A decision to allow a Timaru job seeker the right to see the CVs of people who beat him to a job could have wide reaching implications for employers and job seekers, says a leading law firm.
In 2012, Kevin Waters, then 62-years-old, applied for two positions at Alpine Energy - a company that Waters had worked for previously from 1975 to 2008, before he resigned.
Waters was interviewed for a maintenance job, where he was told he would not be interviewed for the other position because, "initial screening indicated that applications had been made by candidates better suited".
He then commenced proceedings under the Human Rights Act 1993 alleging age discrimination.
Employment law expert and partner at Minter Ellison Rudd Watts law firm, Jennifer Mills said employers are increasingly being caught in the middle of on-going tension between New Zealand's privacy laws and its employment and human rights laws.
"Given the lack of consideration being given to the principles of the Privacy Act, arguments of relevance may be the strongest base from which to defend an employer's non-disclosure decision," she said.
The Human Rights Review Tribunal made a discovery order asking Alpine Energy to release a summary of job applications, a summary of the recruitment firm's referee checking, as well as emails and telephone conversation notes between the energy firm and lawyers.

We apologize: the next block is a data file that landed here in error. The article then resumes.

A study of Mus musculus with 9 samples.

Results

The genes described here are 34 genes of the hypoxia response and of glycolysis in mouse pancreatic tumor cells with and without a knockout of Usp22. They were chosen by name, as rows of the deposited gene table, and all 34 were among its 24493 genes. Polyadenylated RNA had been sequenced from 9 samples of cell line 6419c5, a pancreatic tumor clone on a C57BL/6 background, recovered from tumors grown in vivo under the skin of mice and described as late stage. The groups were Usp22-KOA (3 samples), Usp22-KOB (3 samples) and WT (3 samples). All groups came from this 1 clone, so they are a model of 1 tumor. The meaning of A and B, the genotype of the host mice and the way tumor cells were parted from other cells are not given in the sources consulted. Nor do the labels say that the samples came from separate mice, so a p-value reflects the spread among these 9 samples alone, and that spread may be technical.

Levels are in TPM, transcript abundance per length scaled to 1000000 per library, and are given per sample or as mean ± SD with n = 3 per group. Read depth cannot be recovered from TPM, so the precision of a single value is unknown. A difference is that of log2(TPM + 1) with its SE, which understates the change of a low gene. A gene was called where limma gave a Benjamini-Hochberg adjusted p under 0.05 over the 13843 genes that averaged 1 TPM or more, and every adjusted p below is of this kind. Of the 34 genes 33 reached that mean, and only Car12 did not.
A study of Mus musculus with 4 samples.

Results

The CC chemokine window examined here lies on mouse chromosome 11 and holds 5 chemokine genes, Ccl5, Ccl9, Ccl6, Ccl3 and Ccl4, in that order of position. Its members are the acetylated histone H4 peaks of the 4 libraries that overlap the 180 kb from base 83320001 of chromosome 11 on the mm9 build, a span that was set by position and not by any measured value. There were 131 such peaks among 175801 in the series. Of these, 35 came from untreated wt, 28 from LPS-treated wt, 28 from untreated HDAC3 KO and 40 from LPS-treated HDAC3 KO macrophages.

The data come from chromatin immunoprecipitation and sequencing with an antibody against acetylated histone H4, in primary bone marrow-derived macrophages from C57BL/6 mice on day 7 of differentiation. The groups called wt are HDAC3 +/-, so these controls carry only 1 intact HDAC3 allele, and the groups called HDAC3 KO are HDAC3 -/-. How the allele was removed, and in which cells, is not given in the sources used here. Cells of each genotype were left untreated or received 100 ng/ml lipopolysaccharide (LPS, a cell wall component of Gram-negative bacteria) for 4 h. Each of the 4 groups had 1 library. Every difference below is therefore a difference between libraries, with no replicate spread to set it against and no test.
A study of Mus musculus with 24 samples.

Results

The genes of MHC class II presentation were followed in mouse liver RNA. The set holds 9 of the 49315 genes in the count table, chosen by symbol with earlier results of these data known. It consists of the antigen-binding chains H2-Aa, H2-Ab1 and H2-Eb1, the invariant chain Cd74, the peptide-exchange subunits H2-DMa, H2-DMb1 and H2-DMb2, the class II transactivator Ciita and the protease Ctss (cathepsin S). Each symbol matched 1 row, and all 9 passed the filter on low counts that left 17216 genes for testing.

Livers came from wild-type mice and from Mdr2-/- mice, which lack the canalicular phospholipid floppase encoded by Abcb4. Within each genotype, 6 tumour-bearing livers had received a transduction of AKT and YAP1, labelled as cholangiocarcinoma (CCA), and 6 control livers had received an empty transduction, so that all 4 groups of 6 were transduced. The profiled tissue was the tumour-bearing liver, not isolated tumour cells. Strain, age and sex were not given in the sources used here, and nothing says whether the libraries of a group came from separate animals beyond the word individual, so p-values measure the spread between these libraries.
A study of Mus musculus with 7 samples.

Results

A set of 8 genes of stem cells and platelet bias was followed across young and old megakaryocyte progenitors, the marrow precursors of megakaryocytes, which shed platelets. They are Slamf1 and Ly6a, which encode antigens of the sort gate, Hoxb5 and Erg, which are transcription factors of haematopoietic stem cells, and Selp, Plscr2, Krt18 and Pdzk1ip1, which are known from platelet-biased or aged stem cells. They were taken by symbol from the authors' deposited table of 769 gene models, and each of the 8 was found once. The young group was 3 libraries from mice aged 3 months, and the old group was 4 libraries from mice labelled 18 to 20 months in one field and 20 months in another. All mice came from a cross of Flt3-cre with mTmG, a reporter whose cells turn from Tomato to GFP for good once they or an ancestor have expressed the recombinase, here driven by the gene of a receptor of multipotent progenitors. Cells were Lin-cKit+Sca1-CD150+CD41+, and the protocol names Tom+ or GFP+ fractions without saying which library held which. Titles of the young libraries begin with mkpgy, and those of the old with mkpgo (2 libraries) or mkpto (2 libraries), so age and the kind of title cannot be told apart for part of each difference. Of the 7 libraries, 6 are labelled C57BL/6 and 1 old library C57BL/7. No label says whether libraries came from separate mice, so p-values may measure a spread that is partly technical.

Alpine Energy argued that providing such information would harm the free flow of evaluative material from job seekers.
These summaries may hold extremely sensitive and personal information, such as the results of criminal or credit checks, or personal health issues, Mills said.
But the Tribunal noted there was no evidence that providing this information would harm the free flow of information between a prospective employee, prospective employer and referees.
"The impact of this decision on the forthrightness of candidates applying for positions, and on referees providing comprehensive, free and frank feedback, could be substantial."
"Employers should think carefully about the information that they record during the recruitment process, particularly in relation to evaluative material and subjective comments and ensure that they are comfortable about such information being disclosed," Mills said.
Job seekers now need to be prepared for the possibility that their personal information my be disclosed to others.
"Applicants should consider stating expressly, as part of the recruitment process, that they do not consent to the disclosure of their personal information," Mills said.
A four day hearing has been set out in Timaru for Waters' case once all the documents, and evidence have been filed.